City leaders from Detroit, Edmonton, and London discuss how their cities have been welcoming to refugees at the CityLab 2016 summit in Miami. C2 Photography

It’s not the refugees, it’s how they’re received, city leaders say.

MIAMI—Throughout history, refugees have been regarded with suspicion, and today is no different. In just the past couple of years, migration around the world has surged. Syrians have fled their conflict-ridden nation. Central American parents have sent their kids across the U.S.-Mexico border. On the receiving side, in Europe and North America especially, the cries of protest have been loud. Citing security concerns, countries around the world have been building walls.

City-level officials tend to see refugees differently, however. At The Atlantic’s CityLab 2016 summit Monday, a trio of local officials discussed why their cities are trying to be more welcoming of refugees, not less. “Our cities are better for it,” said Don Iveson, mayor of Edmonton. “[Refugee resettlement] adds to our identity and our economy.”

The panel, which also included officials from Detroit and London, was in consensus that making room for newcomers was both a moral and an economic imperative for cities. Of course, the process comes with challenges. Refugees need housing, jobs, and other services. They also need to integrate: to understand and engage with their new environments, and ultimately, contribute to them. At the same time, telling newcomers they need to give up their cultural or religious values would be a mistake. Such messages have the potential to alienate entire communities, essentially creating breeding grounds for antisocial activity, including terrorism.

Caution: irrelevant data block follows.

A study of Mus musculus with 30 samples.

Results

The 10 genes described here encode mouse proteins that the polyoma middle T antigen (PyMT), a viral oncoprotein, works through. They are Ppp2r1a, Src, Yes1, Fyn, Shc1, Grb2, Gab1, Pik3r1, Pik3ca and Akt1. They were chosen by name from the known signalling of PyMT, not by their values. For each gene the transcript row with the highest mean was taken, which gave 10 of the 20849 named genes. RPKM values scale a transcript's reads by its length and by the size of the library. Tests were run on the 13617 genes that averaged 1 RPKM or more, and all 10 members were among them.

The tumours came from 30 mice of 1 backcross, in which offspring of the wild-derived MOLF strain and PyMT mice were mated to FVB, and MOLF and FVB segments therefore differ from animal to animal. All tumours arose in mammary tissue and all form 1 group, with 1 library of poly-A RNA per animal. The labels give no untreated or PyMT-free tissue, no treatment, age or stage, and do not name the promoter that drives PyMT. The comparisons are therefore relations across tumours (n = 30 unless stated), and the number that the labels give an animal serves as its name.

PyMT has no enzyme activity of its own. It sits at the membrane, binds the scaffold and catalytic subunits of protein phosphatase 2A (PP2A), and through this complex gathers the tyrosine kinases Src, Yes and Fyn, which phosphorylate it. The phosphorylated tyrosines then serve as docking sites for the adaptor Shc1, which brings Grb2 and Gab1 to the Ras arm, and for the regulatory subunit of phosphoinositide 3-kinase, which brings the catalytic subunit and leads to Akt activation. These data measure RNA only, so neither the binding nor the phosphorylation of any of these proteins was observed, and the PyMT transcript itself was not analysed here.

“If you're telling them that that they don't fit in, that their values ... are not compatible with London—with a modern Western city—that's the real danger,” said Leah Kreitzman, the mayoral director for external and international affairs in London.

About the Author

Most Popular

  1. Environment

    Britain's Next Megaproject: A Coast-to-Coast Forest

    The plan is for 50 million new trees to repopulate one of the least wooded parts of the country—and offer a natural escape from several cities in the north.

  2. A small accessory dwelling unit—known as an ADU—is attached to an older single-family home in a Portland, Oregon, neighborhood.
    Design

    The Granny Flats Are Coming

    A new book argues that the U.S. is about to see more accessory dwelling units and guides homeowners on how to design and build them.

  3. U.S. Embassy in London
    Design

    America's Passive-Aggressive New Embassy Arrives in London

    Why can’t we let bunkers be bunkers?

  4. Design

    These Sneakers Are Your Free Transit Pass

    A new BVG-Adidas collaboration means unlimited travel along Berlin’s public transit network for the rest of 2018. That is if you can find a pair.

  5. Transportation

    To Measure the 'Uber Effect,' Cities Get Creative

    Ride-hailing companies are cagey on all-important trip data. So researchers are finding clever workarounds.